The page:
But then I take it back to an earlier portion of this decade when the underground's "superstars" emerged. The clan of rappers associated with Common i.e. Mos Def, Talib Kweli, The Roots, and Pharoahe Monch among others really started to be typecast for their type of music (usually Afrocentric, edgy, raw, and heavily lyrical). Can we honestly say Common's #1 pole position on the Billboard charts will elevate their movement?
Talib Kweli's latest album, Eardrum, is slated to come out on Tuesday, August 21st. Despite a huge Internet presence through MySpace, Facebook, and his own website TalibKweli.com, and an enormous following (which I witnessed at last year's Blacksmith Free Concert in downtown Manhattan, NYC), his album push-backs have caused unease even amongst his most devout fans. Hence, he has yet to break the wall between pop and not. (Interestingly enough, Common's surprise appearance at that concert literally had everyone's jaw on the floor.) Mos Def has quietly disappeared from rap as a whole, mainly focused on hosting Def Poetry Jam and making surprise guest appearances in the Boondocks: The Animated Series and Dave Chappelle's Block Party. He will soon release his own album under a new record label, but there seems to be a large disconnect with Mos the actor and host versus Mos the rapper.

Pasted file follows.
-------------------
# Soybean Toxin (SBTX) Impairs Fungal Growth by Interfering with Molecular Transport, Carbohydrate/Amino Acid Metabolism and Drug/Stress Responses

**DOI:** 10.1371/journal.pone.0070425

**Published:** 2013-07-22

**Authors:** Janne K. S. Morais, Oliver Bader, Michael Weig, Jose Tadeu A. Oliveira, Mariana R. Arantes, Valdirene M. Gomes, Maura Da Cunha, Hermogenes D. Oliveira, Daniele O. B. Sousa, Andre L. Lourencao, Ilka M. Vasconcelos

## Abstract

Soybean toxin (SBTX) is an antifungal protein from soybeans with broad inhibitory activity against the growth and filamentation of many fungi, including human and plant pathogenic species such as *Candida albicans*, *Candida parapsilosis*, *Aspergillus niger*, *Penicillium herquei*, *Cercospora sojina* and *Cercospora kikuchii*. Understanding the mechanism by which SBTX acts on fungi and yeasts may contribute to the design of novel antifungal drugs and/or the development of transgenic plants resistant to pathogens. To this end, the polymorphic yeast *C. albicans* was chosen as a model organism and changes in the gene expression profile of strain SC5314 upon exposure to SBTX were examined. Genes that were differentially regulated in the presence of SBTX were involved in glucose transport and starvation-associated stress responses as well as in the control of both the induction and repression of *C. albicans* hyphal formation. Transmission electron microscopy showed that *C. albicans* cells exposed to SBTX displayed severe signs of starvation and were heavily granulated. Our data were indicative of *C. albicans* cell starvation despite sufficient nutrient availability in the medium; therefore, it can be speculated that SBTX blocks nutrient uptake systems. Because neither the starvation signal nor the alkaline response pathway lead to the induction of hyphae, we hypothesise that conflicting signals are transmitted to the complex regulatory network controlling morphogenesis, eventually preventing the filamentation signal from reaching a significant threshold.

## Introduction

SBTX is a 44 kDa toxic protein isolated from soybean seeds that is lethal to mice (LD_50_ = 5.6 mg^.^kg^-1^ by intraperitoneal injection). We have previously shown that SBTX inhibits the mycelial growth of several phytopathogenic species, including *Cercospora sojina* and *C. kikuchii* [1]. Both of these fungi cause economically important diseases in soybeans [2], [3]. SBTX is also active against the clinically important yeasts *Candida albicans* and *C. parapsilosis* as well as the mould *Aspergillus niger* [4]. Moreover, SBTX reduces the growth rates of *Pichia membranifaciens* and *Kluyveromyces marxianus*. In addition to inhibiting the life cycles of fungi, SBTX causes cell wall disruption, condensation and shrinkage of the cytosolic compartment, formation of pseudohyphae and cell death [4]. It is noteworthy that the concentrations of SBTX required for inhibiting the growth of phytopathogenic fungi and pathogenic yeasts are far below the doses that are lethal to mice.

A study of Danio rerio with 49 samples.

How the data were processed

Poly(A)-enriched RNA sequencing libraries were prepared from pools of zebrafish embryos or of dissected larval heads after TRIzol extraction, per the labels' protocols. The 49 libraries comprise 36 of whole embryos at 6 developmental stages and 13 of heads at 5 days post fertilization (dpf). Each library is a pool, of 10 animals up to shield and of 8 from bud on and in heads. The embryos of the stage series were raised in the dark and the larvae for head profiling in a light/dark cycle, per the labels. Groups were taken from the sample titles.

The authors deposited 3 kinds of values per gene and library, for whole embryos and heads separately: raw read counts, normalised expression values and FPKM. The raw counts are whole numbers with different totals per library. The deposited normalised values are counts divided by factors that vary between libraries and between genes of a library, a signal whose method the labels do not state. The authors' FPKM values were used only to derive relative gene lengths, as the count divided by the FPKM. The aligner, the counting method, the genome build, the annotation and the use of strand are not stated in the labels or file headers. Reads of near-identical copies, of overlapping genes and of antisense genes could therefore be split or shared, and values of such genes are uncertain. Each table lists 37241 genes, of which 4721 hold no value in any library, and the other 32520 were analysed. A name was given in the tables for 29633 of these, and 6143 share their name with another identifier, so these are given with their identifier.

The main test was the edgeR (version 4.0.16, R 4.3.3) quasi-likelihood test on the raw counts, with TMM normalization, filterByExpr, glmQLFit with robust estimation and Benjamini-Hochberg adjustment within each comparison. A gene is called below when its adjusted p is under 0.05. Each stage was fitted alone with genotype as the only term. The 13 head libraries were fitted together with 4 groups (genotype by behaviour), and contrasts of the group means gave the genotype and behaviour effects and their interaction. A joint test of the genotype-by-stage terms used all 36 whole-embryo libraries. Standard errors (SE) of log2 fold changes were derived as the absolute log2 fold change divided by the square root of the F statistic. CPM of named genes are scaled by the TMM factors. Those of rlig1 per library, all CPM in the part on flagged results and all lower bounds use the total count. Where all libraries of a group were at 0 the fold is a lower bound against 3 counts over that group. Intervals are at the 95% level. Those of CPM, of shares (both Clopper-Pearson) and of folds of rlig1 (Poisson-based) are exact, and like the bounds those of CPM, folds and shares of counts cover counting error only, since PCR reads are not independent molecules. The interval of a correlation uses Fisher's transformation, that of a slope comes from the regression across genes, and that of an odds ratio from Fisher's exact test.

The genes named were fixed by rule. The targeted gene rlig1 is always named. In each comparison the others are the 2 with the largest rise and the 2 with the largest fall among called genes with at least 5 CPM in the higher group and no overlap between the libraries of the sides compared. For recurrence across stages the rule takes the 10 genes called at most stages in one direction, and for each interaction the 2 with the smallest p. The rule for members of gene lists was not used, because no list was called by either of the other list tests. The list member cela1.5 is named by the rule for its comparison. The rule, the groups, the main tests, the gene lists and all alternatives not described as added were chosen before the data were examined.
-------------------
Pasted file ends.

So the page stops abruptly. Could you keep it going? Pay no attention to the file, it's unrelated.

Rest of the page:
Pharoahe Monch hasn't been as quiet as Mos on the rap scene, but his latest recognizable contribution to popular hip-hop music was his writing credentials for Diddy's "The Future" and "Hold Up" on Press Play. And The Roots get signed to Def Jam, the biggest hip-hop label ever, and their latest release The Game Theory doesn't get 1/2 the burn it deserved, even after collaborating with Jay-Z on his Unplugged CD and ?uestlove's absolute visibility.
In other words, Common isn't common. Until artists like Immortal Technique, Jean Grey, or Little Brother place anywhere in a substantial pole position, the division of underground and mainstream remains. Common has built up his brand in the mold of a Norah Jones or even a Jill Scott, where people don't even need to know the title of the album to purchase the product, confident that it's just that good.